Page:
Phoebe’s stomach lurched and she ground her teeth. Damn it, when she’d upped and moved from Newcastle to the utterly parochial, completely charming historical village of Morpeth six months ago, she’d planned to never see the investigation team again.
“And I don’t believe for a second that you don’t want to see them.”
Sami’s calm statement made Phoebe’s pulse pound just a little harder in her neck. She bit back another sigh. Here she was, standing in the smoking, charred remains of what was once her studio, the place she spent every day blowing molten glass into artworks of stunning beauty, with the acrid, wholly jarring stench of scorched wood and wet timber stinging her sinuses with every breath. Reminding her with no uncertainty that everything she held dear and valuable was destroyed—and she was thinking about Damon Hunt and William Bradley.
“I don’t want to see them,” she grumbled, glaring at the object she gripped in her hand, the only thing salvageable in the heartbreaking mess. A long, thick shard of glass that, thanks to the fire, now looked like a massive, slightly demented glass dildo.
The gruff male voice behind Phoebe made her jump, the glass length almost slipping from her fingers as she did so. She pulled a face, wrapping her fingers tighter around the accidental dildo like it was her one and only life preserver. “No one.”
“The investigation team from Newcastle,” Sami said to the elderly man now standing on Phoebe’s left. “This has to be arson. There’s no other explanation for such an accelerated burn of materials designed to withstand high temperatures, don’t you think?”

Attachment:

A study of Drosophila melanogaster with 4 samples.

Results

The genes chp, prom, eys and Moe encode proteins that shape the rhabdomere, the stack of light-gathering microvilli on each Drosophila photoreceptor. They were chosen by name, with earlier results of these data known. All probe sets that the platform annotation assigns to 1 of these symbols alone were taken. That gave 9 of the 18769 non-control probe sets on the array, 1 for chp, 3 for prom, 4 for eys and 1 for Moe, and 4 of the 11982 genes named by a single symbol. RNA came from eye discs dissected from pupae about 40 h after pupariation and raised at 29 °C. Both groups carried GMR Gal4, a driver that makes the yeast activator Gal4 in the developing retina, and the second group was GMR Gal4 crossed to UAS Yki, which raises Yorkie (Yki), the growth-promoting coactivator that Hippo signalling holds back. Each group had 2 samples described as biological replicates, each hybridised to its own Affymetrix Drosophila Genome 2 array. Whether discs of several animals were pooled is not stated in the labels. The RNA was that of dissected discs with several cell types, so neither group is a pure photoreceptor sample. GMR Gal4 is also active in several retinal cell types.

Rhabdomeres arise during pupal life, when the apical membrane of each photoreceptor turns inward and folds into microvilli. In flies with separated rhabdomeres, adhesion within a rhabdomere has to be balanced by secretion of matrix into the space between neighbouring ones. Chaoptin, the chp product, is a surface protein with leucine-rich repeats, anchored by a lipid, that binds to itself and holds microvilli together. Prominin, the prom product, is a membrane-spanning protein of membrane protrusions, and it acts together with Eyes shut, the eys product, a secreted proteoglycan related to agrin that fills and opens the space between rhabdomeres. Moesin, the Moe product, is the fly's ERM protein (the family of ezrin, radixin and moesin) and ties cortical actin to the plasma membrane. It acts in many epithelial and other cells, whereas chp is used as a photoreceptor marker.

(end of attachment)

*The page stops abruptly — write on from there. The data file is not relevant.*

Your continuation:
The old bloke’s wiry salt-and-pepper eyebrows rose up his creased forehead and he tugged at his somewhat scruffy firefighter’s uniform with calloused hands. “And what would you be knowin’ about arson and accelerated burn, missy?”
Phoebe let out the sigh she’d been holding back for the last five minutes or so. “Captain Kilgour,” she placed her fingers lightly on the prickly old firefighter’s arm, “this is my best friend, Sami. Sami’s dad was the commander of the Newcastle District Fire Investigation Unit.” She turned and gave Sami a pointed look. “Sami, this is Keith Kilgour, the captain of Morpeth’s fire brigade.”
Kilgour squinted at Sami. “Was?”
Sami nodded. “Was.”
Phoebe knew her best friend wasn’t going to expand on her answer. The death of her father in a house fire still hurt Sami deeply.
Kilgour’s eyes narrowed even further before he returned his attention to Phoebe. “Well, much as I hate the idea of those upstart buggers from the city coming here and tellin’ me my business, the young missy is right. There’s somethin’ about the feel of the place I don’t like.” He sucked in his checks and smacked his lips. “It tastes wrong.”
Sami nodded. “Too bloody right.”
Phoebe frowned, ignoring the fluttering little knot in her belly at the “upstart buggers from the city” coming anywhere near her. “So what you’re telling me,” she grumbled, crossing her arms over her breasts, “is I can’t start cleaning up until the investigation team—”
“William and Damon,” Sami interjected.
Phoebe gave her a scowl. Damn, she was one for providing details today. “Until the Newcastle team come up and—”
“Work their magic,” Sami finished for her, a grin playing with the corners of her lip-glossed mouth.
Phoebe scowled harder. Were it not for Captain Kilgour standing beside them, Sami would be finding herself the recipient of a bloody good punch to the arm. Work their magic? Under no circumstances were Will Bradley and Damon Hunt working any kind of magic on her again. Ever.
“That’s right, Ms. Masters,” Captain Kilgour agreed, giving Phoebe what she suspected was supposed to be a reassuring smile. “The Newcastle boys will need to take a look at this before you can touch it.”
Phoebe let out a shaky sigh. Damn it.